A rush of that winter fresh 2019 air fills my lungs as I bid the yesteryear a farewell…almost. I’ve got one final story that sits on the razor’s edge of 2018 to kick off January’s article. So, let’s put our stupid New Year’s Eve paper top hats and noisemakers away and get to it.
It’s become more and more difficult to schedule time with my teenage daughter. Nowadays, Abby’s busy with school, sports or her boyfriend (not necessarily in that order, though I wish it was). But that’s life. And while it’s a bit tricky to find time with her, I love that she’s becoming her own person as each day passes.
I bought tickets to see Aquaman. Abby and I were set for Friday, December 28th at 11:15 am. She confirmed that she would be available and wanted to go see it. Katie bowed out as it didn’t interest her, so it was going to be another memorable chapter in the already bible-thick father/daughter book. I was up, dressed and ready by 10 am. I was, as I always am, excited to catch a movie with the kiddo.
On the drive to pick her up, I decided to give her a call to let her know I was en route. The phone went directly to voicemail. This is a common, yet hair-ripping-scream in frustration-worthy, thing she does. I usually have to make a second (sometimes third) call until she picks up. This time, she didn’t pick up at all. I sent Abby a text kindly instructing her to pick up her phone…more or less…not really. I’m pretty sure I told her I’d kill her if she didn’t pick up.
Upset that I would most likely have to cancel the show time, I decided I would grab some breakfast at Wawa while I waited for her to reply. I figured killing was going to be difficult enough, no need to be hungry while I do it. I reached out to Katie and see if she had heard from Abby. While on the phone with Katie, I helped myself to a bacon, egg and cheese bagel sandwich and 2 hash browns. Never had breakfast at Wawa? You’re doing yourself a disservice. Katie asked what I was going to do next. I told her I was certain we weren’t going to make the movie and that I was grabbing a breakfast sandwich while I waited for Abby to call me back. Katie asked if I was going to get Abby anything. My reply was simply, “Little girls who don’t answer their phone do not get breakfast.”
My phone voice tends to ignore what society would consider appropriate and carries well beyond the normal range. So, when I said that, it was apparently loud enough for ears within 10 feet to hear it. Katie said that my approach was a little rough, but the reaction from shoppers in Wawa was laughter. But it was the Wawa clerk who quoted me as I checked out, “Little girls who don’t answer their phone do not get breakfast. That’s a solid philosophy, man!” It brought a smile to my face. I paid the man and told him to have a good day. Right as I stepped out, Abby texted me. She said she was awake and ready to get picked up to see the movie. I explained that the ship had sailed. I told her I’d still pick her up, but since she didn’t answer the phone, we’d have to catch a show time later that week or next.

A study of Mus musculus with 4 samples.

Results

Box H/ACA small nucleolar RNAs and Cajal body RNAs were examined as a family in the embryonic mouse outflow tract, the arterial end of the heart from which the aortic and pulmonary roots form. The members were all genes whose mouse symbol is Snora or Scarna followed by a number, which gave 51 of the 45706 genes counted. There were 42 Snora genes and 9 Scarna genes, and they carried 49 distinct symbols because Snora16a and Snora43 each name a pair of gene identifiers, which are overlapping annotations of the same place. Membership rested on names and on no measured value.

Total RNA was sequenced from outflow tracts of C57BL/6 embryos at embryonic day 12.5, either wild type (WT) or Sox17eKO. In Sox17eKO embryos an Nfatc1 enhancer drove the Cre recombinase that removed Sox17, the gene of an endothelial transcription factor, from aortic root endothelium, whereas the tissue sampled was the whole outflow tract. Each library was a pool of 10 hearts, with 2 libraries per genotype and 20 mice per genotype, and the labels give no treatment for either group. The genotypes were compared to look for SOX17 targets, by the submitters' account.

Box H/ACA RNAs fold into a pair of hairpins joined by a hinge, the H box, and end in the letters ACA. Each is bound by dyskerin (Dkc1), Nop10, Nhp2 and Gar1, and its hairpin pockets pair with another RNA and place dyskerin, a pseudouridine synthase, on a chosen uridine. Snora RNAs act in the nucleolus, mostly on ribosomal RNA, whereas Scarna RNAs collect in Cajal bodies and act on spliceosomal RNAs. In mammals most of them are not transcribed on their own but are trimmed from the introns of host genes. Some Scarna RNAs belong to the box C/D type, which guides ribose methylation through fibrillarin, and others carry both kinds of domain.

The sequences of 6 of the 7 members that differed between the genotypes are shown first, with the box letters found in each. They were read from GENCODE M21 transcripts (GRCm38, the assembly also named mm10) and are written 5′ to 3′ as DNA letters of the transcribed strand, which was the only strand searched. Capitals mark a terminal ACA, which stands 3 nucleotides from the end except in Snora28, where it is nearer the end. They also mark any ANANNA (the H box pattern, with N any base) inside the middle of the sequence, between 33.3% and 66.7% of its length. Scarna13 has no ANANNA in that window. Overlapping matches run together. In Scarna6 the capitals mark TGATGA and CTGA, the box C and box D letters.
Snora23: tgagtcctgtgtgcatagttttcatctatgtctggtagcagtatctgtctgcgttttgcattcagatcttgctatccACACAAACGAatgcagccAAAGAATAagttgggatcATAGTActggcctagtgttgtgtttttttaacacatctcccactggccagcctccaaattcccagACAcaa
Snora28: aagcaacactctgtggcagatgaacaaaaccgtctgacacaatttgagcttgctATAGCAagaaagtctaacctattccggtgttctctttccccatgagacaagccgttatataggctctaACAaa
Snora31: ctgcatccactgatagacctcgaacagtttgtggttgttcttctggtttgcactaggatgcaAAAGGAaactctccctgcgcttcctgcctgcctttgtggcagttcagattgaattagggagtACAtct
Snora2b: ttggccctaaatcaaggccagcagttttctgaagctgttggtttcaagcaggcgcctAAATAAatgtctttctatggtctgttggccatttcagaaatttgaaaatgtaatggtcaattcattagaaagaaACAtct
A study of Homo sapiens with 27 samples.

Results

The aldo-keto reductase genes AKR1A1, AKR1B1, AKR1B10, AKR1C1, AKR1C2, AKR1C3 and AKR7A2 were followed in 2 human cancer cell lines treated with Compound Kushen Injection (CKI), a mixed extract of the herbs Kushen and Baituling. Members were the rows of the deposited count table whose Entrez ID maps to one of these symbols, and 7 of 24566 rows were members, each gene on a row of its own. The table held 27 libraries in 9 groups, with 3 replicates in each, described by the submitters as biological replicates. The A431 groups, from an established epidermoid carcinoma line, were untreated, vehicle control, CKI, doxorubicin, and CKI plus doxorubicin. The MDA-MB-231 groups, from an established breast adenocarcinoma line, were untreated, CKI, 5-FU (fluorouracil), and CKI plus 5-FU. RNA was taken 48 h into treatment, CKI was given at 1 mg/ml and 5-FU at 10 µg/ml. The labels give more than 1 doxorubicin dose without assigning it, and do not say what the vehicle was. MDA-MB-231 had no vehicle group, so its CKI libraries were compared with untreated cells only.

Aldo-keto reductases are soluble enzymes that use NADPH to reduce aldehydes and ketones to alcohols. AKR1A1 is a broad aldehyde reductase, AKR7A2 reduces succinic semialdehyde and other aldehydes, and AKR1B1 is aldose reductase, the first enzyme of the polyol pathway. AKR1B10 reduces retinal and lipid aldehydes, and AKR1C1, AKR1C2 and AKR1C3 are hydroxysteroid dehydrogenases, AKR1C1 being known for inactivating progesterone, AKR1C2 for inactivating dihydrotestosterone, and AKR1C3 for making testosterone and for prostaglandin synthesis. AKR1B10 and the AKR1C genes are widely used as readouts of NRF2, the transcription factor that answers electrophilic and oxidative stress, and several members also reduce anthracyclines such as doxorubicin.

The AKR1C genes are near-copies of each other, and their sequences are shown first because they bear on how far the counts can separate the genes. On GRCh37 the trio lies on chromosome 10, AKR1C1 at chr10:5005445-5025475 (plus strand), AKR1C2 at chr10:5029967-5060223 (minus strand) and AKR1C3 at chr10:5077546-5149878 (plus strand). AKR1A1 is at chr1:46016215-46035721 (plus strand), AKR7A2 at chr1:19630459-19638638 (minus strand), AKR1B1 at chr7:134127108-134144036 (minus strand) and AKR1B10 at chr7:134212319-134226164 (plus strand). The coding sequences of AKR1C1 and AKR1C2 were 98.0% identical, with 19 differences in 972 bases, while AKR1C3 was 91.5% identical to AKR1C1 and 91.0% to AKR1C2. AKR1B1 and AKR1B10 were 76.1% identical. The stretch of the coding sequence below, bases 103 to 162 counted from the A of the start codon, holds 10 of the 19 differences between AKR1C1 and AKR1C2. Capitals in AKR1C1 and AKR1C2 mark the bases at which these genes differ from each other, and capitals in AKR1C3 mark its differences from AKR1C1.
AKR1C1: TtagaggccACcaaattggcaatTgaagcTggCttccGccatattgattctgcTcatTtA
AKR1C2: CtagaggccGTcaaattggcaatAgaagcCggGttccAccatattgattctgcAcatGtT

When I picked Abby up, she apologized for sending me to voicemail and said it wouldn’t happen again. I knew it inevitably would happen again, but nodded regardless. Some would probably chime in here and call me a cynic, but I’m a realist when it comes to parenting. She told me she hadn’t eaten and wanted a breakfast sandwich. I’m not sure what the alchemy is that can make me both rough and unwavering with her one minute and then an old softie the next, but I made a straight shot to the nearest place to get breakfast.
We returned to Wawa, where she grabbed a couple of donuts, an iced tea and some fried mozzarella cheese sticks…a breakfast for champions. As we stood in a line at the checkout, I noticed that the clerk who had checked me out before was still working…and we were in his line! I thought maybe he wouldn’t recognize me. Granted, it had only been about 30 minutes since I last saw him, but it’s a Wawa off a major highway with lots of foot traffic and LOTS of faces. No way would he remember me.
We approached the checkout. The clerk looked me, then he looked at Abby. The irony was not lost on that clerk. He immediately recognized me. Then he looked back at me and said, “I guess little girls who don’t answer their phones DO get breakfast?” I looked befuddled. I was conflicted between feeling upset by his remark, but also wanting to laugh, as I saw the humor in it. I went for the old rolling of the eyes and a shrug of the shoulders as if to say, “What are ya going to do?”
Merriam-Webster defines embarrassment as “the emotional state of being made self-consciously uncomfortable.” I’d say that’s a pretty spot-on analysis of what occurred in line at that Wawa on Friday, December 28th at 11:00 am. Now don’t get me wrong, the child is not the source of this embarrassing moment – it was me. I created this with my big mouth and inability to use my inside voice. Had I just spoken a little softer, or not at all, the clerk of Wawa wouldn’t have remembered me and my flawed, high decibel “wisdom.”
Having a kid, at times THIS kid, can be trying. I could’ve put a friend, any friend, in Abby’s position and see myself at the 11:30 am show time of Aquaman alone and not feeling remotely bothered by it. In fact, I would’ve told that friend what a great time I had. But when you’re a parent, the rules are different…except, perhaps in my father’s parenting book. I’m certain my father wouldn’t have given me a second thought and gone to see the movie after he called and it went to voicemail ONCE.
We ended up seeing it later that night, at almost twice the cost and surrounded with loudmouthed buffoons that recited every line like some daft parrot. On top of everything, Aquaman was garbage!